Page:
As a commercial mortgage REIT, Starwood Property Trust (NYSE:STWD) comes with an enticing 8% yield -- but that's not the only reason to be interested. Great companies create value over time, and Starwood Property creates value by making loans to businesses for commercial properties, as well as investing in other types of commercial mortgage debt.
But lending is not a unique business, so I focused on what makes Starwood Property different. The answer is why I bought the stock, and why I believe the company will continue to create value over time.
Starwood Property has $6 billion in commercial loans spread across the U.S. and Europe. To compete on this scale, you need access to capital, information, and asset management.
Starwood Property has 12 different credit facilities from which it can receive secured financing -- using collateral to borrow. The company currently has $4.3 billion in available credit, and this has more than doubled in the last two years. Starwood Property can also issue bonds, which it has $1.4 billion outstanding, and as a public company, it can raise capital by issuing shares of stock. All said, the company has more than enough funding opportunities to support growth.
Being a member of the Starwood family covers the remaining requirements. Under the Starwood umbrella there is a home builder, regional mall operator, owner of single-family homes, and Starwood Hotels, which are supported by Starwood Capital – one of the largest asset managers in the world – and founder and current CEO of Starwood Capital and Starwood Property, Barry Sternlicht.
The ability to leverage the manpower and global scale of Starwood Capital, and the incredible depth of industry experience of Barry Sternlicht and his team, Starwood Property has access to transactions, asset management, and unique insight to the commercial markets.
A flexible business model
With $42 billion in assets, having a large partner like Starwood Capital gives Starwood Property more resources than most. But it is much smaller than today's largest banks, asset managers, and insurance companies, which can sport total assets over $1 trillion.
To stay competitive, Starwood Property creates value for borrowers by being more flexible and handling more complex loans. In Starwood Property's third quarter 2014 conference call, Sternlicht explained such a situation:
I consider the construction loan on Hudson Yards one of our best loans [...] its super complicated, that's how we got it. In fact, the borrower called us and said, "Can you help us? Because the five banks are tripping over each other."
Two important things there: First, the borrower called Starwood, not everyone -- that is a big advantage. Second, the reasons the banks were tripping over each other is due to regulations. Because Starwood Property is not regulated in the same way, it can be more flexible, and this benefits borrowers. Sternlicht mentioned this in the company's first quarter 2014 conference call:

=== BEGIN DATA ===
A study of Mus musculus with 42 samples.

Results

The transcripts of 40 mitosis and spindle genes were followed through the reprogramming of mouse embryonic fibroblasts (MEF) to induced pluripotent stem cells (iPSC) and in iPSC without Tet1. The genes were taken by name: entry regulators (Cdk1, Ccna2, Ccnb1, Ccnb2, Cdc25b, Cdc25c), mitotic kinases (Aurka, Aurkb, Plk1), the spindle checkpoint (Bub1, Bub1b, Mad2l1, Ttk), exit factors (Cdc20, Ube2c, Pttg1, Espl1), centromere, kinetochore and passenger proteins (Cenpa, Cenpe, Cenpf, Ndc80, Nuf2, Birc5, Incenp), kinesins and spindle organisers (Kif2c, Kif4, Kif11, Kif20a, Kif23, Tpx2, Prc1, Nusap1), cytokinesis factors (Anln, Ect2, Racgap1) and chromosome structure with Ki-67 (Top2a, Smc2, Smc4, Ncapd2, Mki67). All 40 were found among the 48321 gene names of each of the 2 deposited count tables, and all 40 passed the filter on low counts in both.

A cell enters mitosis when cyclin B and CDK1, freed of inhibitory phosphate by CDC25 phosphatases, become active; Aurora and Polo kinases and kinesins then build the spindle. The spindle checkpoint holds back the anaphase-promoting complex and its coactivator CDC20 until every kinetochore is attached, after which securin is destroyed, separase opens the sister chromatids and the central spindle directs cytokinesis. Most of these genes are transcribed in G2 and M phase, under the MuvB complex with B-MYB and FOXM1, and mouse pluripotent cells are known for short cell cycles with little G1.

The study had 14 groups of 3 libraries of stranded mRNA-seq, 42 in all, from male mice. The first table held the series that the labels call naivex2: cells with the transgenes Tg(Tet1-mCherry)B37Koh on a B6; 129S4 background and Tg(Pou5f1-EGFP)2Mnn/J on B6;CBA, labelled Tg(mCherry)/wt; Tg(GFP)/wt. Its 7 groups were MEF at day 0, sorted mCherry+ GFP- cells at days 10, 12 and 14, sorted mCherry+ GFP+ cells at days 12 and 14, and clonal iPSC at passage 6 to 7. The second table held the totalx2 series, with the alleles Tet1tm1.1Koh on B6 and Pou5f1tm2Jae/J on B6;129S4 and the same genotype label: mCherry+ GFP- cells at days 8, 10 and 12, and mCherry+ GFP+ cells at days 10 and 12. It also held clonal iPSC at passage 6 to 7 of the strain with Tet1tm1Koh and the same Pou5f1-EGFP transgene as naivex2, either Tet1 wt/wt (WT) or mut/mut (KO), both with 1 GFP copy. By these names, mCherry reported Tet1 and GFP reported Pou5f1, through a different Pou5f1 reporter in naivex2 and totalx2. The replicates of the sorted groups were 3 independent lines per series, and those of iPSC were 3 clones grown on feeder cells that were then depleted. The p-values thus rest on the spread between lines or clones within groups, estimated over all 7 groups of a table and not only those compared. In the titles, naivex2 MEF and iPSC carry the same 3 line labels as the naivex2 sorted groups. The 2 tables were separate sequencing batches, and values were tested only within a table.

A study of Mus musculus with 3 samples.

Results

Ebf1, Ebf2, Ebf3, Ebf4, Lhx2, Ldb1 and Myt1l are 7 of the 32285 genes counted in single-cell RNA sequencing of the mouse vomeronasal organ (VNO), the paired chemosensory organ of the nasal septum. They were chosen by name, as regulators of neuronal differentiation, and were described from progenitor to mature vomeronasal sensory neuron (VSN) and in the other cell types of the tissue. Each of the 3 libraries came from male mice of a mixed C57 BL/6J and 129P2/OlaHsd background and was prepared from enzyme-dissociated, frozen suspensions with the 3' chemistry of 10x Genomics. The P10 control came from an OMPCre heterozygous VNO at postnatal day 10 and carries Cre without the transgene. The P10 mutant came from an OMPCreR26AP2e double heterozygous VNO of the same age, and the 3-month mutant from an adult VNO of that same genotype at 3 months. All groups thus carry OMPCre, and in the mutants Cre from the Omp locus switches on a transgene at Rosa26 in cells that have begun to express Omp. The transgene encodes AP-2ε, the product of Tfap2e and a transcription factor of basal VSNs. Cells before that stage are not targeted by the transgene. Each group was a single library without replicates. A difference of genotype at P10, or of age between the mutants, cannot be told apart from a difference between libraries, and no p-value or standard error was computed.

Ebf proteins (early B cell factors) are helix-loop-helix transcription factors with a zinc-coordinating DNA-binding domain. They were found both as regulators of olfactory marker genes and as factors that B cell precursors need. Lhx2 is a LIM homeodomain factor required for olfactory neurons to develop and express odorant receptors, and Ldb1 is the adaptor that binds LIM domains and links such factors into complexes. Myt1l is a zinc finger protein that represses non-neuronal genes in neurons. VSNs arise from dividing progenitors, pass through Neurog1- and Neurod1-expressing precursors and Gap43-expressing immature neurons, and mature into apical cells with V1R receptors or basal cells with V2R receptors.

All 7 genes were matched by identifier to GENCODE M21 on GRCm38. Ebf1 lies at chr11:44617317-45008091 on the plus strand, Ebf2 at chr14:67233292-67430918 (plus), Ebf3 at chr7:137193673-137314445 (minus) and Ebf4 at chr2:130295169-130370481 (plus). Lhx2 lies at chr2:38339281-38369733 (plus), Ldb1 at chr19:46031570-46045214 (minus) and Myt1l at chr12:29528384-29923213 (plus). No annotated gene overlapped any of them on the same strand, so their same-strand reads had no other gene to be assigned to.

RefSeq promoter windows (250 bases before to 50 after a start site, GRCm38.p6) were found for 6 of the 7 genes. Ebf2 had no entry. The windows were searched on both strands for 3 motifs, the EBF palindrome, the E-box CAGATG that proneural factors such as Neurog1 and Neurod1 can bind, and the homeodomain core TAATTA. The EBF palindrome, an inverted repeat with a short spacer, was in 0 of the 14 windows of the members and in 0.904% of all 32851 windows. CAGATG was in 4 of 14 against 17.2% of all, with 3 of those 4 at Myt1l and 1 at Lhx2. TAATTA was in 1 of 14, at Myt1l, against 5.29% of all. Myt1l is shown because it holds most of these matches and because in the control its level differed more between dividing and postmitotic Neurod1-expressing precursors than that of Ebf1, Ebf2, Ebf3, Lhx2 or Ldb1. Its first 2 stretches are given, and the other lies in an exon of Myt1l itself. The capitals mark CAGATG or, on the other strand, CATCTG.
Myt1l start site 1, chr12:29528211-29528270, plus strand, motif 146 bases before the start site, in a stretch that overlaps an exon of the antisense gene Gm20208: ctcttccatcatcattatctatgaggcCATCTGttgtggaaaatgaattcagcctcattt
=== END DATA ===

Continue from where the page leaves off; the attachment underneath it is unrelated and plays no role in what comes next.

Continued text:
Because the banks really can't do these big construction loans when Basel III kicks in. The capital [regulations] for them are brutal. So you're going to see a complete makeover of construction lending in the United States.
Starwood Property can make a wide range of loans, but my examples focus on construction loans because they help hone in on the company's ability to go when banks can not. This flexibility is valuable to borrowers, and creates a competitive advantage.
Discipline and execution
The final piece to the value creation puzzle is being disciplined and executing on opportunities.
Starwood Property has an experienced management team that has been together for over 14 years. Under this leadership, the company has deployed $17 billion since going public in 2009, created a total return for shareholders of 80% since 2012, acquired the world largest commercial special servicer, LNR -- collects fees for working with commercial borrowers currently defaulting on loans -- and has become the largest commercial mortgage REIT in the process. There is little doubt that Starwood Property can capture opportunity.
According to Sternlicht, "Every mortgage REIT in history has got in trouble getting further and further out on the risk spectrum, making sloppier and sloppier loans. We don't intend to be one of those guys."
Starwood Property's portfolio has an average loan-to-value ratio below 65%. This means the size of the company's average loan covers 65% of the value of the asset being used as collateral. This creates a sizable cushion in case asset values fall. More important, despite often making unique loans, Starwood Property has yet to have one of its loans default.
This is not suggesting that Starwood Property is risk-free, or will never make a bad loan: I am sure it will. But I believe the experience of Starwood Property's management team, and its focus on being a disciplined lender, separates the company from the pack.
A business that creates value
Being a member of the Starwood family gives Starwood Property a place at the table, but its business model and execution is what sets it apart. If you're looking for a great business, with a big dividend, that has all the tools to create value over time, I recommend considering Starwood Property Trust.
Dave Koppenheffer owns shares of Starwood Property Trust. The Motley Fool owns and recommends shares of Bank of America and Apple. Try any of our Foolish newsletter services free for 30 days. We Fools may not all hold the same opinions, but we all believe that considering a diverse range of insights makes us better investors. The Motley Fool has a disclosure policy.